Waterparks are a great way to cool off during the summer, but they can also leave you with serious injuries.
Slip-and-fall injuries, heat-related illnesses, and even drownings can occur at waterparks. And while it hasn't caused any injuries yet, the world's tallest water slide -- a 168-foot-tall slide set to open at a park in Kansas City (here's video of a test run shared by io9) -- made some of us wonder about potential liability issues (though the net makes us feel a bit more safe).
So if you're hurt at a waterpark, who can potentially be held liable?
The Waterpark's Owners
Just like other theme and amusement parks, waterparks are responsible for operating rides and amusements that won't cause patrons to drown or break bones. Whether a ride is defective or a waterpark's negligence caused a ride to be improperly operated or maintained, the waterpark (i.e., the company that owns and/or operates it) may be held liable for injuries caused by that ride.
Slippery surfaces at waterparks raise the risk of slip-and-fall injuries. And waterparks are also semi-notorious for water-borne pathogens infecting park guests. Contaminated food and water can lead to dangerous bacteria, viruses, and parasites spreading and causing serious injury, especially to young children and the elderly.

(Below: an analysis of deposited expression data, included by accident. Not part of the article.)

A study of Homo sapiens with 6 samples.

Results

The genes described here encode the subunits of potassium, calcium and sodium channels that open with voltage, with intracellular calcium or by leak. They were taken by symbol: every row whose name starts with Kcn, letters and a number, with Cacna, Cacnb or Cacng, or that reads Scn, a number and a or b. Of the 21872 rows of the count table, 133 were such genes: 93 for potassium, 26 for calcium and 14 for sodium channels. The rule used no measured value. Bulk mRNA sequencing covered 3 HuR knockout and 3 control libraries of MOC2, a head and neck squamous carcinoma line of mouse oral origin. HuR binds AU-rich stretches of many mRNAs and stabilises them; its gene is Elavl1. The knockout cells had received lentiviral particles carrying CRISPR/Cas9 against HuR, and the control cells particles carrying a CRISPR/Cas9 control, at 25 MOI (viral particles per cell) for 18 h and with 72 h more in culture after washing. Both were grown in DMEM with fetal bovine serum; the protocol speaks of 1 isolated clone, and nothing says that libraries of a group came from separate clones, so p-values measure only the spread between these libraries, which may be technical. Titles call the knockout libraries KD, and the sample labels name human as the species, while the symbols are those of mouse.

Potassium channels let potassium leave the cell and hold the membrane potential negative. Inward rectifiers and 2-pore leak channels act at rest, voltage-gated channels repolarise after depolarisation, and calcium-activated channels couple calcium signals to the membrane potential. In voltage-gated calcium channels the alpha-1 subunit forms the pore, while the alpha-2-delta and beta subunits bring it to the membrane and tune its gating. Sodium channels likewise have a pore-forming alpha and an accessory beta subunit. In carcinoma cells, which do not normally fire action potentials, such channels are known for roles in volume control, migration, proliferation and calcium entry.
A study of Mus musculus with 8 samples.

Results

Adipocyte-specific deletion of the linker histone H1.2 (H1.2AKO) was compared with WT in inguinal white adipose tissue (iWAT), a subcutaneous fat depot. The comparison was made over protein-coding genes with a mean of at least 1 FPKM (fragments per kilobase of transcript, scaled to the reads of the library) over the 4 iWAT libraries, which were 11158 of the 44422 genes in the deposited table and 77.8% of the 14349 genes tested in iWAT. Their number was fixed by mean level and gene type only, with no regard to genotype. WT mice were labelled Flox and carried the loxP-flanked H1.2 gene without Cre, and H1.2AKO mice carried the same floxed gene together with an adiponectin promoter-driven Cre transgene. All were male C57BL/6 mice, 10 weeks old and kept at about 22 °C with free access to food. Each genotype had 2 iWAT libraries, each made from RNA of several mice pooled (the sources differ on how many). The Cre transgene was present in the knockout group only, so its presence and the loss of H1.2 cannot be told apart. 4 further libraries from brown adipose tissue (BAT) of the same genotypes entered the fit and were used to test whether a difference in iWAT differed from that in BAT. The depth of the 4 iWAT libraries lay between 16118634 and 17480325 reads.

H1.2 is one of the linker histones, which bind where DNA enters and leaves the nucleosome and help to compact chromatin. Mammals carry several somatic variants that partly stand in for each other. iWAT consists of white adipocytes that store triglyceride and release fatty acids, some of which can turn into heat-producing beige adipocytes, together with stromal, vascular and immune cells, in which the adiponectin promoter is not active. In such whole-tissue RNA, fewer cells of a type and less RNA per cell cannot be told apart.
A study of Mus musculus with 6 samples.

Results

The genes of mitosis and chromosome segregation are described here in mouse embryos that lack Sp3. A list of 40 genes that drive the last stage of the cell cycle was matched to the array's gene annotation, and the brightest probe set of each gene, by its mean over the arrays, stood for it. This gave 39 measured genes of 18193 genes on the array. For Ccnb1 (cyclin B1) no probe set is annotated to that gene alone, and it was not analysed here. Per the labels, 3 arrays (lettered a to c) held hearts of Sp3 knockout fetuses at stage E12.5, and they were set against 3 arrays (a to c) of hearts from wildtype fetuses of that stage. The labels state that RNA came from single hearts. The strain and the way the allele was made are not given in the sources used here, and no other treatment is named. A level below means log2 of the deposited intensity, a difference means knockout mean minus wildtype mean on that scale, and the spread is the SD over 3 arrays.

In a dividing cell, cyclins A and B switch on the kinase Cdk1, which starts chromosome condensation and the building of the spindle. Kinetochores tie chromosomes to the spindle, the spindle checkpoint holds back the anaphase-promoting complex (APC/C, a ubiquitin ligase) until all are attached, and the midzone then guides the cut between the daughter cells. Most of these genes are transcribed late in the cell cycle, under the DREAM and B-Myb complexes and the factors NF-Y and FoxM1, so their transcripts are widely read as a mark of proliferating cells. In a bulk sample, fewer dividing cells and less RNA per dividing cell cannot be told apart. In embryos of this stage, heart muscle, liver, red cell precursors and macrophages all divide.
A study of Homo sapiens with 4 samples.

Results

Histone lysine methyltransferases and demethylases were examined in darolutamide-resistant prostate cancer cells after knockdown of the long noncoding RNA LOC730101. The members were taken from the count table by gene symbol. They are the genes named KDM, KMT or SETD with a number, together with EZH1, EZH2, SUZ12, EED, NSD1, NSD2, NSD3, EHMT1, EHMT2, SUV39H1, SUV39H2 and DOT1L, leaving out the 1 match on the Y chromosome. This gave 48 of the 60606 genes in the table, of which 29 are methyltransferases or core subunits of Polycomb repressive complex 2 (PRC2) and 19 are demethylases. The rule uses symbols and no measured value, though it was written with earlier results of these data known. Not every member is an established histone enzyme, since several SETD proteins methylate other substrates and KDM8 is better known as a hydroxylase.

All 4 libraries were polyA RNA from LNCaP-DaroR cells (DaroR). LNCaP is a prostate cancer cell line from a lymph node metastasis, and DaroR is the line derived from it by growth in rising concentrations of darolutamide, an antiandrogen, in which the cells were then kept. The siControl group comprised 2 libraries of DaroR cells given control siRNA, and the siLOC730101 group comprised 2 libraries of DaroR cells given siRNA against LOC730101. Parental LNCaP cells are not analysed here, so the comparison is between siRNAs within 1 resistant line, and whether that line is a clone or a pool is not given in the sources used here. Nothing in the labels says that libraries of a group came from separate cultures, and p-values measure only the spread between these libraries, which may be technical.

A waterpark will likely be held responsible for these injuries if its actions (or inaction) led to these unsafe conditions.
The Waterpark's Employees
Waterparks employ lifeguards, ride operators, and even food vendors, all of whom could potentially cause you to suffer an injury.
For the most part, accidents and injuries caused by a waterpark employee will be the liability of the waterpark -- assuming the employee's screw-up was within his or her scope of work. However, a patron may be unable to sue the park for injuries caused by willful, reckless, or malicious acts of employees that were outside the scope of their employment.
On the other hand, if a waterpark employee intentionally tripped or punched you, for example, you may only be able to sue that particular employee, and not his employer.
You (Yes, You)
Many waterparks may ask patrons to sign a release of liability, preventing you from suing a waterpark and its employees for injuries or even deaths that occur while at the park. These kinds of event or recreation releases aren't always legally bulletproof, but if a court upholds it, you may be the only one legally responsible for your injuries.
Don't slip up on dealing with waterpark injuries. Contact a personal injury attorney to discuss your options as soon as possible.